My journey from refugee to entrepreneur
When my family and I were told that we had to leave the country with nothing but the clothes on our backs, the news hit us like a brick wall. Never would we have thought this could have happened to us, of all people, but the reality was that regardless of whether you were high, mid or low-income earners, every Indian had to get out of Uganda quickly.
General Idi Amin forced us out – everyone of Asian origin in Uganda. Our mother country India laid the responsibility for the Ugandan Asians squarely with the UK government. The UK was the only place that would take us, but as every ex-Ugandan Asian will tell you, this was the best thing that could have ever happened to us. It was a blessing in disguise.
This was a tough time for my parents. My mother, brother and I could enter the UK, but my father had no UK rights so we were separated for a few years until he could get his British passport. During these years, it was all down to my mother to not only work three jobs but also spend time raising her children. I was only six years old when we came to the UK, so I don’t really recall how I felt arriving in the UK, but I vividly remember my mother struggled to put food on the table.
My family are Gujaratis, and coming from a lineage of India’s greatest merchants, we are born knowing how to sell well. My great grandfather sailed thousands of miles in search of prosperity eventually founding the Odeon Cinema chain in Uganda. Maybe it’s in our DNA or something else, but we seem to be naturally commercially minded and so, when we became refugees, we had to resort to commercialism just to survive. Arriving in a very harsh, unwelcoming and cold London in 1972, we quickly learned that we had to fend for ourselves, survive at all costs and continue marching forward regardless of the circumstances, which are all traits of successful entrepreneurs.
Focus on the positive, not the fear
My own entrepreneurial journey started while I was a student at the University of Hull. I used my student grant money to get to Gibraltar, took the ferry over to Morocco and started to buy leather goods that I would sell back to my university colleagues.
The hustle bug hit me at an early age. To me, hustling is a ‘make something out of nothing’ mindset. It often comes with a deep sense of urgency, daring to go where others don’t, and it is the stuff that fuels entrepreneurial and intrapreneurialdreams.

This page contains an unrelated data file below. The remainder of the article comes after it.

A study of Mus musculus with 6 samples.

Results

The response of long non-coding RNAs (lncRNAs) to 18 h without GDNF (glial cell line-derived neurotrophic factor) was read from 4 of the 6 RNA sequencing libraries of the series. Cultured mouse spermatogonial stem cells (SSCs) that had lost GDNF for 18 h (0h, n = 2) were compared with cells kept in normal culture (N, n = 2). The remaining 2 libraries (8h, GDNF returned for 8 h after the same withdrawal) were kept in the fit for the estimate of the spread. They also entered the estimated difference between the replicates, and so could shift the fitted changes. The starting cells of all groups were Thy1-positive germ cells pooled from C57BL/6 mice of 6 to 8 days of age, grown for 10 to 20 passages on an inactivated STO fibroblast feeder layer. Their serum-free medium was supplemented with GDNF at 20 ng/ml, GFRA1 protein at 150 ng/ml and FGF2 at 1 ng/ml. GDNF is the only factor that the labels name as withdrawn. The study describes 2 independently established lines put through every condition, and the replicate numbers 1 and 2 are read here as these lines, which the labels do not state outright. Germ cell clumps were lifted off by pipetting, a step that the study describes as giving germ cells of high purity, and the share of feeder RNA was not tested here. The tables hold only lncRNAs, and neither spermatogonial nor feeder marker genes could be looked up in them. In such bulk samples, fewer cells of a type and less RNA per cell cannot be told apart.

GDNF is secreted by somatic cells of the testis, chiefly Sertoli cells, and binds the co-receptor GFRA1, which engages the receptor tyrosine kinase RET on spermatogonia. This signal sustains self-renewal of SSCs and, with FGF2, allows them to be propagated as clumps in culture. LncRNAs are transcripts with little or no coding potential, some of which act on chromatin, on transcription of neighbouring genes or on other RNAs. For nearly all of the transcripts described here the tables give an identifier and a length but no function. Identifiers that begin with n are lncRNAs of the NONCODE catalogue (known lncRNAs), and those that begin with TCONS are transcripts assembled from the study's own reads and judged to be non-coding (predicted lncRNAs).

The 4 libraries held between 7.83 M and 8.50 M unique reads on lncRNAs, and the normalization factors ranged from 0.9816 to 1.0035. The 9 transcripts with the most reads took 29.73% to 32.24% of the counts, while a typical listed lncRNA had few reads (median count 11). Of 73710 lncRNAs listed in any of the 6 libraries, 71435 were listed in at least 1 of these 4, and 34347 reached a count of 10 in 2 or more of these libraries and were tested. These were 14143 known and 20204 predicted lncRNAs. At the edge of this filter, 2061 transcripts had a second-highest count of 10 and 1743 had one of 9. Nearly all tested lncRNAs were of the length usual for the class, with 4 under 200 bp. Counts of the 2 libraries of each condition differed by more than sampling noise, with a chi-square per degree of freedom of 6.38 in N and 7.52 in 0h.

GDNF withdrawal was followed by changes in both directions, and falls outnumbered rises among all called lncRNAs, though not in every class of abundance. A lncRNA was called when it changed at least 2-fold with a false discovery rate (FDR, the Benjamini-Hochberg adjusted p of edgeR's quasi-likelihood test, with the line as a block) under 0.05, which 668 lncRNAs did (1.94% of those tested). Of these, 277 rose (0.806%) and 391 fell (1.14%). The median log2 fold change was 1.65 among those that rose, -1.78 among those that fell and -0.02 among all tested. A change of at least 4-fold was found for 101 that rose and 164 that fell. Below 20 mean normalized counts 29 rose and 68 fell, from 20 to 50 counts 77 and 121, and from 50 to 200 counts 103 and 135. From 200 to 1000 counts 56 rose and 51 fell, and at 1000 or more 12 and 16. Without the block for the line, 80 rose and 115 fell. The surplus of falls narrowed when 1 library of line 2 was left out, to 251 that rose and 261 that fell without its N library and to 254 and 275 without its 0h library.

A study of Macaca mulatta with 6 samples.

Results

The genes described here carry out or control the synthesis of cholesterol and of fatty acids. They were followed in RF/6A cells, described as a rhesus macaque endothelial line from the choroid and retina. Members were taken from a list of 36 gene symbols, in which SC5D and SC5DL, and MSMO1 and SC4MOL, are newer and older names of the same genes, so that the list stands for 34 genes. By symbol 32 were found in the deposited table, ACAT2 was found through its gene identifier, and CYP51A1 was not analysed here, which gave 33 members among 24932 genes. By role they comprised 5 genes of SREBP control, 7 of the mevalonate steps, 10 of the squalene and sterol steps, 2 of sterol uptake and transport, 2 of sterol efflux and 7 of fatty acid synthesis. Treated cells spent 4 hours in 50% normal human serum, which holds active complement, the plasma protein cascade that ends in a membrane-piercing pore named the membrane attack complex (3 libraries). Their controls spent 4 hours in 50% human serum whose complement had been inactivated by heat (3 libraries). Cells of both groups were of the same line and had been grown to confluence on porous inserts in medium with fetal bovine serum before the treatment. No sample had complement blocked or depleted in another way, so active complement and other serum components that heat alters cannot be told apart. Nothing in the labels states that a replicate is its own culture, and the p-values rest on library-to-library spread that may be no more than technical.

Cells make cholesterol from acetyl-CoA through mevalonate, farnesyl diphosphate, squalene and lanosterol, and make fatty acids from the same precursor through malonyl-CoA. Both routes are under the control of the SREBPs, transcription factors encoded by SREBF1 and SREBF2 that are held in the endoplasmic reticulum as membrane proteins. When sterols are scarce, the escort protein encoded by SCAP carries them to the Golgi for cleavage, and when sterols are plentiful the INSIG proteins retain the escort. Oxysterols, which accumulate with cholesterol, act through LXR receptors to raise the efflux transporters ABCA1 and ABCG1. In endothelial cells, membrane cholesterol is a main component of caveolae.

From an early age I learned to fend for myself, and with this, I have always felt comfortable with risk. FEAR (False Evidence Appearing Real) is what stops many people from doing something or taking a risk, but that is because they focus on the bad side of what may happen. Instead, you should reverse that thought pattern and focus more on the good side of what may happen, and how that will get you to where you want to be.
Strengthen your resilience through exploration
As the famous poet Kovie Biakolo says:
“Look around you and look inside you. How many people do you think are settling? I will tell you: a hell of a lot of people. People are settling every day into okay relationships and okay jobs and an okay life. And do you know why? Because okay is comfortable. Okay pays the bills and gives a warm bed at night and allows one to go out with co-workers on a Friday evening to enjoy happy hour. But do you know what okay is not? Okay isn’t thrilling, it isn’t passion, it isn’t the reason you get up every day; it isn’t life-changing or unforgettable. Okay is not the reason you go to bed late and wake up early. Okay is not the reason you risk absolutely everything you’ve got just for the smallest chance that something absolutely amazing could happen.”
I simply was not fine to be just OK. Things had been OK for my family in Uganda, and everything had been snatched away. My mum always said that “life can change in a blink of an eye, so never take anything for granted” and the same is true in business.
It is this attitude that led me to explore international markets. Over the past 30 years I have experienced business across four continents, and I am proud – not only of the good things, but the many failures too. Going through these experiences has strengthened my resilience and has made me realise that your greatest friend is you.
Entrepreneurship is not for the faint hearted. It’s like jumping off a cliff, trying to build a plane on the way down. Most people will crash and burn. I got knocked against the rocks many times but somehow, I did manage to build a plane and land intact.
Step outside your comfort zone
If starting a business is the life you want – with all the risk, thrill, adventure and unknown – then the biggest test you must pass is the ability to step outside of your comfort zone. You have to tell yourself that just being OK is not good enough.
Like the millions of refugees around the world today, entrepreneurs must rise to the challenge, deal with what life throws at them and try to stand out in a positive way. Eventually, it all comes down to how prepared we are to handle these tests. I am now… are you?